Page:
Homily – February 2019


Jeremiah 1:4-5, 17-19, 1 Cor 13:4-13, Luke 4:21-30

Today’s Gospel continues on the Gospel of last Sunday where Jesus preached in His home synagogue of Nazareth.

Last Sunday I had the honour and privilege of being at a Papal Mass at World Youth Day, Panama City, where the Holy Father Pope Francis preached on this chapter of

Luke’s Gospel. Indeed, the geography of Panama can make an initial point in understanding the Scriptures of today.

Panama is an Isthmus. This is a geographical narrow strip of land that connects two large land masses. In the case of Panama it connects the continents of North America and South America. Indeed, looking at it also from the oceanic point of view it connects the two great oceans of the world – the Pacific and the Atlantic Oceans. There is a centrality therefore about the Isthmus of Panama.

One can take either a broad or a narrow view about this. At World Youth Day over the last two weeks where I’ve been attending with our wonderful youth delegation from the Archdiocese, this perspective can be overlooked. From a narrow perspective, one can say that Panama is just simply a beautiful country with a narrow width of 80kms. However, if you take a broader panorama and look at it from the spacecraft point of view, you can see that, indeed, Panama represents a connecting point between two enormous land masses and two enormous oceans of planet earth.

One can also take either a narrow or a broad perspective of the message of today’s Scriptures. The people that are listening to Jesus in His home town synagogue of Nazareth take a narrow point of view.

At the start Jesus “won the approval of all,” and they were “astonished by the gracious words that came from His lips.”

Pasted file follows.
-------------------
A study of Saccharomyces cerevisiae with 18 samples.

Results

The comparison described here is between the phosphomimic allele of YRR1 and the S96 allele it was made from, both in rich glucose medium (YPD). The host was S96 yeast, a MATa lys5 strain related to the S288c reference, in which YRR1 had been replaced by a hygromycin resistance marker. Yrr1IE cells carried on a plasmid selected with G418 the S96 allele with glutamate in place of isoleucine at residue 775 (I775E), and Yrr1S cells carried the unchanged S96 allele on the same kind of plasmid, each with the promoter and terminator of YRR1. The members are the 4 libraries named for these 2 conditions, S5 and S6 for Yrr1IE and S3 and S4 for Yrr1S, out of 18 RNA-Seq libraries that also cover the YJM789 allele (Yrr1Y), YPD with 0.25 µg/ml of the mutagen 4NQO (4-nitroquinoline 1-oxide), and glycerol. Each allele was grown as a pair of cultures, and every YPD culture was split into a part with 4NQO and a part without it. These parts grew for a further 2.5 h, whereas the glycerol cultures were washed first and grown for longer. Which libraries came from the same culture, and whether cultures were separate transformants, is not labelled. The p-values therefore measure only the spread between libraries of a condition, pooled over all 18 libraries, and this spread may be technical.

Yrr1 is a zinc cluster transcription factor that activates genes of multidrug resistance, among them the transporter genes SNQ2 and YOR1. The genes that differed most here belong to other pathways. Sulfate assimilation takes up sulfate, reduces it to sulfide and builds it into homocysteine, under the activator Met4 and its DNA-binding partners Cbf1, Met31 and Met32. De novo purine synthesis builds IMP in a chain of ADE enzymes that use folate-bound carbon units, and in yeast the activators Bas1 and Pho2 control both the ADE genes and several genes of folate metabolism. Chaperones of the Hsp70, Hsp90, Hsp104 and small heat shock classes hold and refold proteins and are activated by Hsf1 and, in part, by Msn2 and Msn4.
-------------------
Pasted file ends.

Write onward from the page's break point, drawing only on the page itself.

But a narrow point of view emerged immediately.

They were wondering how a man with such graciousness and theological understanding could come from their own town of Nazareth and from a humble family. They said, “this is Joseph’s son, surely?” This is a real put down. Jesus, takes a broader panorama. He sees himself as the “Isthmus” of God. He is the one that connects all people and all nations and the entire cosmos of God. He brings God down to us and brings us up to God. He indicates that this universal broad perspective has never really been understood by His own people. He makes two examples coming from the Prophets Elijah and Elisha.

Determined to maintain a narrow point of view they are infuriated by what Jesus says and find Him insulting. They want to do away with Him, “but He slipped through the crowd and walked away.”

In this threat to His life, Jesus takes on the role of the great Prophets of the Old Testament whose lives are always in jeopardy when they speak the truth. We see this from the First Reading. We see how God chooses people to be His truth speakers, even before they were conceived. “Before I formed you in the womb I knew you before you came to birth I consecrated you…. so now brace yourself for action.”

Despite all these difficulties, there is always the reassurance that God is with His chosen ones.

“I, for my part, today will make you into a fortified city, a pillar of iron, and a wall of bronze.”

My third and final point draws the message of today’s Scriptures towards us, particularly as we begin the new year of 2019. We can either take a broad or a narrow view of the great challenges that await us in the year ahead. We can spend an enormous amount of time worrying about all sorts of things. This is a very narrow approach to our life and belittles our faith.

On the other hand, we can take a broad view of trusting God in all things.

We do this by taking on the great message of the main characteristic of those that follow Jesus….. love.

This is exemplified in one of the most beautiful descriptions of love in all literature in the Second Reading today. The love of Jesus and a love which we want to illuminate in the year ahead, “is always patient and kind, it is never jealous….. boastful or conceited. It is always ready to excuse, to trust, to hope, and to endure whatever comes.”

Let us pray in this Mass that we are given a broad perspective of our faith and of the challenges of this year. We do this always by imitating our Lord and Saviour Jesus Christ, who comes to us now to nourish His people in the Eucharist.